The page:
AICrime reduction matters no. 62

ISSN 1448-1383
Canberra: Australian Institute of Criminology, October 2007

The term 'youth gang' can refer to a group organised around illegal activity or a more benign group of youths who pass the time together. Although often seen as negative by others, gangs can provide positive experiences for some young people, giving support, security, opportunity for status, group identification and excitement, which they may not be getting otherwise. However, the general public and the local community may experience and fear real or perceived 'gang' activities such as street fighting, drug dealing and use, and violence in general.

A recent review of Australian and international literature on youth gangs documented the most effective anti gang strategies (White 2007) and found that responses to gang behaviours can generally be divided into two types: coercive and developmental. Coercive approaches primarily focus on sanctions and law enforcement responses and are often criticised by researchers as being too narrow and unable to address the underlying causes of the behaviour. A United States evaluation found that the most effective law enforcement responses to gangs are community collaboration (information exchange or gang awareness education); crime prevention activities (modification of environments and opportunities) and suppression tactics (e.g. street sweeps). Developmental approaches focus on enhancing opportunities for young people, through activities that reflect their needs, and are the preferred approach in the literature, particularly community-based strategies. This is due to many gangs having solid ties to their communities, which may support them.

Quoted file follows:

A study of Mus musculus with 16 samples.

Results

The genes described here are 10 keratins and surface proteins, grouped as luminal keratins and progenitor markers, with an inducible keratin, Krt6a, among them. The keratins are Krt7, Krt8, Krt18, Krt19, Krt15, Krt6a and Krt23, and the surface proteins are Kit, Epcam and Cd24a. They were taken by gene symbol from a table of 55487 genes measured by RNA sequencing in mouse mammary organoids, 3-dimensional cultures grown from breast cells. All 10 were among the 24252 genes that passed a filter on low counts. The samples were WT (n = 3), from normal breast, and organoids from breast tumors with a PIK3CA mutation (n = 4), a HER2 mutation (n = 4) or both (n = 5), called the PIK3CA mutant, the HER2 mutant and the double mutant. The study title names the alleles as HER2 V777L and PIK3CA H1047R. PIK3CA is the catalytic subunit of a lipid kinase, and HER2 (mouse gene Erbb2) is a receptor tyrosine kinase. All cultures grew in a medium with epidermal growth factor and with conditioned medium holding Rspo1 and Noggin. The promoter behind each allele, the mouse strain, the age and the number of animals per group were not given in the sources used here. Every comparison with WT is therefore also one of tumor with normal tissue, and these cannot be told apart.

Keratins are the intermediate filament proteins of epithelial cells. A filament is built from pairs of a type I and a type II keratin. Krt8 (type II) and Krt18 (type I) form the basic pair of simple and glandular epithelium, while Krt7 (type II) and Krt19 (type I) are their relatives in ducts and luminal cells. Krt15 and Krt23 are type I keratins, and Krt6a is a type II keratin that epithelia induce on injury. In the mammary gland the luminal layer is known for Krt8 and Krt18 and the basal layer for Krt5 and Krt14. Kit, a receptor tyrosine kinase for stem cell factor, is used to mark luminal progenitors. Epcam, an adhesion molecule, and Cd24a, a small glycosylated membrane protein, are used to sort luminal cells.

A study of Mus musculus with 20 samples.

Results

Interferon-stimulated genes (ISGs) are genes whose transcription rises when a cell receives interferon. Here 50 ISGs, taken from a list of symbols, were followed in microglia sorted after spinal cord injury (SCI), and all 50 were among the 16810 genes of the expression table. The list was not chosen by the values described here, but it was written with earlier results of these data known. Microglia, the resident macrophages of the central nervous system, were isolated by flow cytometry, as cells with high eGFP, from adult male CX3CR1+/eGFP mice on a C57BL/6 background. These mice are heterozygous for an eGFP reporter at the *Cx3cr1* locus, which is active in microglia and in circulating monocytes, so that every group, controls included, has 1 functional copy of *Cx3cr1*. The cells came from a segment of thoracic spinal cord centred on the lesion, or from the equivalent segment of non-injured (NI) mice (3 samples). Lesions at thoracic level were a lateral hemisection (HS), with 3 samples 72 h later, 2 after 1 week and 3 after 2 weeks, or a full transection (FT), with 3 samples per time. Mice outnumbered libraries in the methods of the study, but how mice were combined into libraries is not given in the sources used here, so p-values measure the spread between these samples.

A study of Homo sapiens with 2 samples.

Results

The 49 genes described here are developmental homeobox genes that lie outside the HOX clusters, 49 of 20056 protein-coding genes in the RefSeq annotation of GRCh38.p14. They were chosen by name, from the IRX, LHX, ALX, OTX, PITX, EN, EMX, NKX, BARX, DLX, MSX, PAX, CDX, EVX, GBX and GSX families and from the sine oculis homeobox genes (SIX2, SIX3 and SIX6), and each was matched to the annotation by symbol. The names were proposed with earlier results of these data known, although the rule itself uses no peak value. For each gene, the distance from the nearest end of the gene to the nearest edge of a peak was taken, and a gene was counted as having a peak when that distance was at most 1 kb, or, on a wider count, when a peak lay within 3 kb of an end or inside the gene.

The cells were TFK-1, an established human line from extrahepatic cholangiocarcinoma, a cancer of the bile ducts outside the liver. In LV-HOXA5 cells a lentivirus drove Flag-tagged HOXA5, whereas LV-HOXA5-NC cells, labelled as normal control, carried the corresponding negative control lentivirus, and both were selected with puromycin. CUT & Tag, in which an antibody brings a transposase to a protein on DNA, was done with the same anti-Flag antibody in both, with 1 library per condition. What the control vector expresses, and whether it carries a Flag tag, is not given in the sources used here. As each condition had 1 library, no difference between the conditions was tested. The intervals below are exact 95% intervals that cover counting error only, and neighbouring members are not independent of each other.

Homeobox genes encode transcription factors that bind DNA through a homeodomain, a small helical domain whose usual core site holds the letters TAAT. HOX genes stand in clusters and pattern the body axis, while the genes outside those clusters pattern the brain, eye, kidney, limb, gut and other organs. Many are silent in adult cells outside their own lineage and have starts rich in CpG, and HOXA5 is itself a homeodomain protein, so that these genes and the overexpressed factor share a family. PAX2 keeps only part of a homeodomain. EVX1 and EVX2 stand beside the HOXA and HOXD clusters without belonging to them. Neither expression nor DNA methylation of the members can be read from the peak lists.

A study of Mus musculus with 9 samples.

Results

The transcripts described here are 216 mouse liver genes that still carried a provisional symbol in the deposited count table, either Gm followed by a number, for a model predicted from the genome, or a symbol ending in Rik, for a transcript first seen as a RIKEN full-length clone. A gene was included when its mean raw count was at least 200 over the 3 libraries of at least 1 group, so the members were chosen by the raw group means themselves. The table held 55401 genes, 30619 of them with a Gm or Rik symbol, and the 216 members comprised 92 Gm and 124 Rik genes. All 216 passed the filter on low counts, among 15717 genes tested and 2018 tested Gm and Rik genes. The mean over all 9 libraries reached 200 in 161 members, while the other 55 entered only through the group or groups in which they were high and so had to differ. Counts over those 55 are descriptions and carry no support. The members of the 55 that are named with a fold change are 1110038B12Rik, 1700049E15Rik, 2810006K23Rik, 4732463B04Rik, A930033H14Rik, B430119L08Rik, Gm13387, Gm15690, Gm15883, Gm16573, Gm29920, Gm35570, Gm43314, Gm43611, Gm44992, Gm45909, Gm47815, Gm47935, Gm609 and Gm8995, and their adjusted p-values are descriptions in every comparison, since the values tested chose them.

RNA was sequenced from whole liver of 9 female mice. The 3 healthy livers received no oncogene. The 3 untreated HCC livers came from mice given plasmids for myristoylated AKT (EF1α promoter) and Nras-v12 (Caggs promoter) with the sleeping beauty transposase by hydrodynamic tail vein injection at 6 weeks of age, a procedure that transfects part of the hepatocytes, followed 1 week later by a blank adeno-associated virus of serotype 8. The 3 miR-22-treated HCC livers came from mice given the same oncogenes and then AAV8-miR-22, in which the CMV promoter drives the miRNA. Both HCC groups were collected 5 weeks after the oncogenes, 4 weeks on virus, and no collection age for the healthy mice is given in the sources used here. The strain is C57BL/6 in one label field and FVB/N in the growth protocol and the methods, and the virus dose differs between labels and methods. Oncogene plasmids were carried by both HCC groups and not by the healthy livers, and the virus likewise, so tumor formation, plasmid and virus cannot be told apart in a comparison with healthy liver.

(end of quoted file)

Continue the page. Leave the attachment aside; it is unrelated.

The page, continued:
Based on the review it is suggested that anti-gang responses strategies should:

  • be based on local conditions and youth group formations
  • avoid stereotypes
  • be proactive
  • avoid knee-jerk reactions and instead focus on problem solving
  • cater for social differences within communities
  • involve consultation and participation of the young people targeted
  • invest in people, as this is the best way to obtain social rewards
  • create social spaces that are welcoming and safe
  • emphasise social inclusion, not exclusion
  • ensure media reporting of youth, particularly of ethnic minorities, is balanced and fair
  • profile current local youth activities and services, set priorities among needs and gain consensus on the best approach (White 2007)

These activities should not stand alone, and can be more effective with other community development responses, including the provision of social services and the mobilisation of community resources.